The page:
Memory

Memory

Copyright: © 2018 |Pages: 24
DOI: 10.4018/978-1-5225-3448-8.ch004

Abstract

Learning takes place if there is a repeat of stimuli, or otherwise, extinction occurs, which is forgetting. To make the consumers learn the product and not lose sight for a long time is a primary focus for marketers. It means that marketers are more concerned about individuals' information storage and retrieval process. This chapter discusses the information-processing system, parts of this system, and forgetting as well as memorizing. At the end of the chapter, memory is evaluated from the point of view of marketing.

Box 1. Do consumers forget companies’ failure?
Sometimes firms face recalling their products due to manufacturing failure. A recall is defined as “an action taken by a manufacturer, or the government, to protect the public from products (such as medications, food, vehicles, child safety seats, cosmetics, and more) that may cause health or safety problems” (usa.gov. 2016). Recall process starts when an Investigation Report of the U.S. Consumer Product Safety Commission (CPSC) finds a fault or a potential for danger in a certain product. They have the legal right to request a product recall. A product recall can return a batch of or an entire of production (Investopedia, 2016).
          Sometimes, a firm or company may voluntarily initiate a recall. This means the firm without a mandate from the CPSC recalls products. Most of the announced recalls are voluntary in business. Companies recall their product voluntarily as safeguards against potential lawsuits or rigid legal situations (Kurt & Itkin, 2015). Some of the companies that recalled their products voluntarily in 2015 are Toyota Avalon and Lexus ES Vehicles, Takata Airbags, Maytag, Dairy Farms- Cheese, Blue Bell Ice Cream, Sabra Hummus and Kraft Mac & Cheese (FDA.gov. 2016).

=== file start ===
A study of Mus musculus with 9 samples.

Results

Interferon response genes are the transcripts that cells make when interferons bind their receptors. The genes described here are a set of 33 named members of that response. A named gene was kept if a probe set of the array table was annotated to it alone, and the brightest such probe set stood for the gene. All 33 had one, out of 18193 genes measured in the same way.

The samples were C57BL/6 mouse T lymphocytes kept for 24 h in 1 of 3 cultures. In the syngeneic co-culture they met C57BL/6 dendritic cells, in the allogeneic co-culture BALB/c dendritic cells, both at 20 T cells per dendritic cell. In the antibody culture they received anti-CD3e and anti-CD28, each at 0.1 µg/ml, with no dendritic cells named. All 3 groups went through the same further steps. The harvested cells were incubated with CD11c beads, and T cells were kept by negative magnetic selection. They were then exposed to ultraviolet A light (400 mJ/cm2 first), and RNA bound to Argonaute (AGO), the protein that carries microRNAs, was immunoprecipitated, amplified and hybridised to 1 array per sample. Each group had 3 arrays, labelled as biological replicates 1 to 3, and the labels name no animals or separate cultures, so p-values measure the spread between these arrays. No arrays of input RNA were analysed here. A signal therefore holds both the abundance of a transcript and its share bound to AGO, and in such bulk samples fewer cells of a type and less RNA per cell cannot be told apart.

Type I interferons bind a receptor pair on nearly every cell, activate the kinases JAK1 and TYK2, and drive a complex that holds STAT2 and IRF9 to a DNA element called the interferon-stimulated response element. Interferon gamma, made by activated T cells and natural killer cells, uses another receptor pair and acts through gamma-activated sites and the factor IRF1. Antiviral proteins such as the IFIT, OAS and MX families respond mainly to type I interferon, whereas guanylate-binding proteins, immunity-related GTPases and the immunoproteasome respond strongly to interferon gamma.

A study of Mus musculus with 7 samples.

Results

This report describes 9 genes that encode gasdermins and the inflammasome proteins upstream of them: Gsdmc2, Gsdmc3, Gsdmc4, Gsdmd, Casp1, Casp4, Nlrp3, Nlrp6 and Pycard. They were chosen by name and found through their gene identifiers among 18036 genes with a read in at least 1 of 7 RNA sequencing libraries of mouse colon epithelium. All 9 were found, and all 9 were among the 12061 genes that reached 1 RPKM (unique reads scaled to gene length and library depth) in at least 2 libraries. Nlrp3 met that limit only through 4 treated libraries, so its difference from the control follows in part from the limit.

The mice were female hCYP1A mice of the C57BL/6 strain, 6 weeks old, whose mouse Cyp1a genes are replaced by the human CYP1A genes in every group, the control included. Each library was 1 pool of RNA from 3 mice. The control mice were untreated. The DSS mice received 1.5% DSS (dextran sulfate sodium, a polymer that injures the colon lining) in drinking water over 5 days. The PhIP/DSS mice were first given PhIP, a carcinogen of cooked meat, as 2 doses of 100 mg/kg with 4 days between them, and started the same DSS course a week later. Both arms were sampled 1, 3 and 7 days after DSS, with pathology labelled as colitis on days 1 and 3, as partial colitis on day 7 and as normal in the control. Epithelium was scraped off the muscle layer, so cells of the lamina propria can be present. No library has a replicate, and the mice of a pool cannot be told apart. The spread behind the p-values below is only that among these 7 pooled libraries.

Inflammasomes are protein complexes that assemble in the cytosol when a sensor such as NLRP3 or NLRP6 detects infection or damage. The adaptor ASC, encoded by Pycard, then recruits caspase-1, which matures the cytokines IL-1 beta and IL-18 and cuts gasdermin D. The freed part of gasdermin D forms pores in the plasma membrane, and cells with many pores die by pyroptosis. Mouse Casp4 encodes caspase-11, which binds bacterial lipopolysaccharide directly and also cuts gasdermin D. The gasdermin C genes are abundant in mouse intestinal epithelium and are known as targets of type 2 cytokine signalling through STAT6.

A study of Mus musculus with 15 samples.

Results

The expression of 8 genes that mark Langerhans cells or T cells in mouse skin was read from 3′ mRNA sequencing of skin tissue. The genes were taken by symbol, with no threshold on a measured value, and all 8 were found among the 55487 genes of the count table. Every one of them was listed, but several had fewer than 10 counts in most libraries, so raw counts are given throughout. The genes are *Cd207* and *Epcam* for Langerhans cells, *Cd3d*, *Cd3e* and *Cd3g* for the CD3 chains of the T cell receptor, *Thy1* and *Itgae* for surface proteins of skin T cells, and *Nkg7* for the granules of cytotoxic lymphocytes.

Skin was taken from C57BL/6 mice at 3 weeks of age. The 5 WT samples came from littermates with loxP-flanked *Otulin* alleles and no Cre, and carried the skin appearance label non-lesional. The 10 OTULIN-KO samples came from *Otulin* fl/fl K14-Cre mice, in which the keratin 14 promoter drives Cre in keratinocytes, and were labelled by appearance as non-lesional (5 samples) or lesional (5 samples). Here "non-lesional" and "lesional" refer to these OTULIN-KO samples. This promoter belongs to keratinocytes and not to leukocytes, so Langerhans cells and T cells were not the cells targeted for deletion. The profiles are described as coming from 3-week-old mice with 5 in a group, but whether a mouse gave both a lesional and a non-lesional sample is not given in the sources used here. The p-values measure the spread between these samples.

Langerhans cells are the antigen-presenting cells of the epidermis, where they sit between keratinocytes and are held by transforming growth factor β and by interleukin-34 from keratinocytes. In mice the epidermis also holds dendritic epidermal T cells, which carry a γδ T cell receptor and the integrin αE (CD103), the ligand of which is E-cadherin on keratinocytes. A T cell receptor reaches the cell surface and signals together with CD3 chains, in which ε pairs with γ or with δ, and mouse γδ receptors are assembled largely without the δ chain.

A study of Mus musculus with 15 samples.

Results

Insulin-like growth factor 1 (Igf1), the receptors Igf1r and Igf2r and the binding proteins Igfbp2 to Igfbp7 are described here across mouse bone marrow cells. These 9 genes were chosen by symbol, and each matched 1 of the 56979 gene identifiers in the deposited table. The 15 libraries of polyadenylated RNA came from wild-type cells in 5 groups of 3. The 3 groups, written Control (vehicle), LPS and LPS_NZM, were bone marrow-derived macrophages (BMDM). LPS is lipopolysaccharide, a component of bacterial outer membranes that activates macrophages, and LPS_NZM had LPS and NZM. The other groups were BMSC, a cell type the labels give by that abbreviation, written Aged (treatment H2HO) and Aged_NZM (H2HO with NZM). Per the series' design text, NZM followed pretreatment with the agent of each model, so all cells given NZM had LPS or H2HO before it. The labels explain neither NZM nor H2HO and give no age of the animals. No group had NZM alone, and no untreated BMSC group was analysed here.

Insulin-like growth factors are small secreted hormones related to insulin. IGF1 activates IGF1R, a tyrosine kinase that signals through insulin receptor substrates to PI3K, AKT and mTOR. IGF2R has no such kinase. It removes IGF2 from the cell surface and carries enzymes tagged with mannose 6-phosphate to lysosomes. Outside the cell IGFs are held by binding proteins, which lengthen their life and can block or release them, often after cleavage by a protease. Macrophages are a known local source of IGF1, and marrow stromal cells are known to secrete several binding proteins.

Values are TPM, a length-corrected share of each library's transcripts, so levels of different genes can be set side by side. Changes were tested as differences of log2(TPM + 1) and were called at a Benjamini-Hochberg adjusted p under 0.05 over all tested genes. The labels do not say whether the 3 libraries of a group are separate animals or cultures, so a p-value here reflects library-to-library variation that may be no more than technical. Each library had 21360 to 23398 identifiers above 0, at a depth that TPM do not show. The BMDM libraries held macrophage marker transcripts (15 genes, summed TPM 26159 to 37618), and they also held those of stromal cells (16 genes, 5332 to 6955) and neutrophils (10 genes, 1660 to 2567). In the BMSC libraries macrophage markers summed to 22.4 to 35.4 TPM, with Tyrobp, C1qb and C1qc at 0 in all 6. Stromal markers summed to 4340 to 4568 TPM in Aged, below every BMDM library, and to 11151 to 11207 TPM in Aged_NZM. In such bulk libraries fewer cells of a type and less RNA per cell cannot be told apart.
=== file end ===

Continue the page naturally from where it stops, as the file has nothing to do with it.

Recall product is rather costly for firms; both loss of money and reputation. For example, Nestle, Maggi noodles (Figure 1) were taken off shelves in May 2015. Maggi had to destroy 400 million packets of the product, and it cost to firm $67 million. In October, new tests mandated by an Indian court found that Maggi noodles were at a safe level. It was claimed that social media especially in Twitter recall protested with this “The Maggi quality check story is a clear indicator of the power of social media” (FDA.gov. 2016) had sported Nestle.
          Recalling failure products, of course, is a critical function of ensuring consumer health, and safety. Companies have a social responsibility, must consider public health and security first. On the other hand, this should be asked that does recalling products have a negative effect on companies’ image. Does recalling a brand influence consumer perception or does it change consumer decision-making? Shakespeare and Morris (2013) investigated Toyota consumer perception about the recall of cars. By the Brand Index statistics, the general impression of brand fell (almost 20 units; from +29 to +15). 56% of consumers’ perception change negative but nearly 40% of them expressed that their perception did not change. On the other hand, 92% of consumers who are already Toyota owners’ perception has stayed positive. This case showed that Toyota’s recalling has not a significant impact on Toyota owners. However, whether consumers always have a positive perception about recalled products is highly debatable and risky. Lei, Dawar, and Canli (2012) investigated consumers’ perception changes on condition that product-harm crises. Researchers sought whether prior beliefs influence recall product evaluation. As stated in the findings; if participants have positive experiences with the brand, they blame the company less; contrary they rate the brand trustworthiness high. They added that base-rate information is a basic source of information that influences consumers’ inference judgments. Base-rate or consensus information refers how common the focal behavior or event is among the population of interest. Authors also noticed that in the next recall could have resulted in different consequences because the same base-rate information may have a different effect on the attribution. Consumers who discount the first crisis also tend to discount the second crisis for the same brand whereas consumers who subtype the first crisis are unlikely to subtype again.
          Then it can be said that consumers who; “forget companies’ failure and keep going positive attitude towards the firm is a strong possibility if the brand has a good reputation. However, companies continue of recalling the products, because consumer perceptions may change over time.